We can't look back from 40 years later with the clear view of distance because we haven't got there yet. Nevertheless, my book, Cryo Kid - Drawing a New Map (www.cryokid.com), takes an optimistic view of the family in a rapidly changing (and challenging) age where new social units are forming, where family values are expressing themselves in diverse ways. It is worrisome because we don't know where we're heading.
But today, when I gave a talk in Los Angeles about my book, about how my grandchild was born to a single mother with the help of an anonymous sperm donor, to a Los Angeles chapter of Jewish Women International (www.jwi.org), I had an insightful moment during the question period. One of the women in my audience, a grandmother herself, shared with us how her own grandchild was born. After successful treatment for cancer, her daughter was able to conceive with her husband's sperm, but unable to carry the baby. So a cousin stepped in and acted as surrogate to carry they baby to term.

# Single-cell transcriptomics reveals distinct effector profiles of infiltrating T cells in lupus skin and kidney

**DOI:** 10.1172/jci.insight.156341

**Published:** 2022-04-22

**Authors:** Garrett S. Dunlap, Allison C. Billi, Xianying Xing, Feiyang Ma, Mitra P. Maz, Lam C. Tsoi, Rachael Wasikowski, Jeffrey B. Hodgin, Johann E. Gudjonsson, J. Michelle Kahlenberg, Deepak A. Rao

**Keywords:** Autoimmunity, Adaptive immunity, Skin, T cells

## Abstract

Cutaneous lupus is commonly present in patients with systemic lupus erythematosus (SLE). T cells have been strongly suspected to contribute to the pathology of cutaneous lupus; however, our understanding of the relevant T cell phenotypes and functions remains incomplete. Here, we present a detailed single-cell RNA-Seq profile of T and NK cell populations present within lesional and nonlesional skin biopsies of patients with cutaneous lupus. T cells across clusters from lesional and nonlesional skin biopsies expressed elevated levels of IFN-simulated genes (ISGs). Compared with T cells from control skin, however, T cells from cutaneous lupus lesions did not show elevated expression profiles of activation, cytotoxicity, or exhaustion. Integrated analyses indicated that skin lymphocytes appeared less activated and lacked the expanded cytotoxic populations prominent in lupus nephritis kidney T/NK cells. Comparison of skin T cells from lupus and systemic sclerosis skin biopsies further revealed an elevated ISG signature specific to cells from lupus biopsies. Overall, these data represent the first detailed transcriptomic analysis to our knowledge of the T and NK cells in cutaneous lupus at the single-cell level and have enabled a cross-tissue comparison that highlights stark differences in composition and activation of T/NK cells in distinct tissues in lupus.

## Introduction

"This kid is so loved," my grandma from the audience marvelled. "The whole family was involved in her birth." (It takes a village, right?) The four-year-old grandchild, echoing what her parents told her, explains the process of her birth like this: "Something was taken from my mother and something was taken from my father and put into a dish and mixed together in a laboratory, and then the mixture was put inside our cousin's stomach, I don't know how. So I'm 50 percent from my mother and 50 percent from my father, but you have to subtract two percent for our cousin."
Could be the math is a little fuzzy, but "I'm a miracle," the four-year-old says proudly. "A miracle."
She's right. She's a miracle, this millenial kid. I feel sure now that what I call the transformational family in Cryo Kid is working its way towards a happy ending. In the early stages of this milleniium, we're already moving into an age of miracles.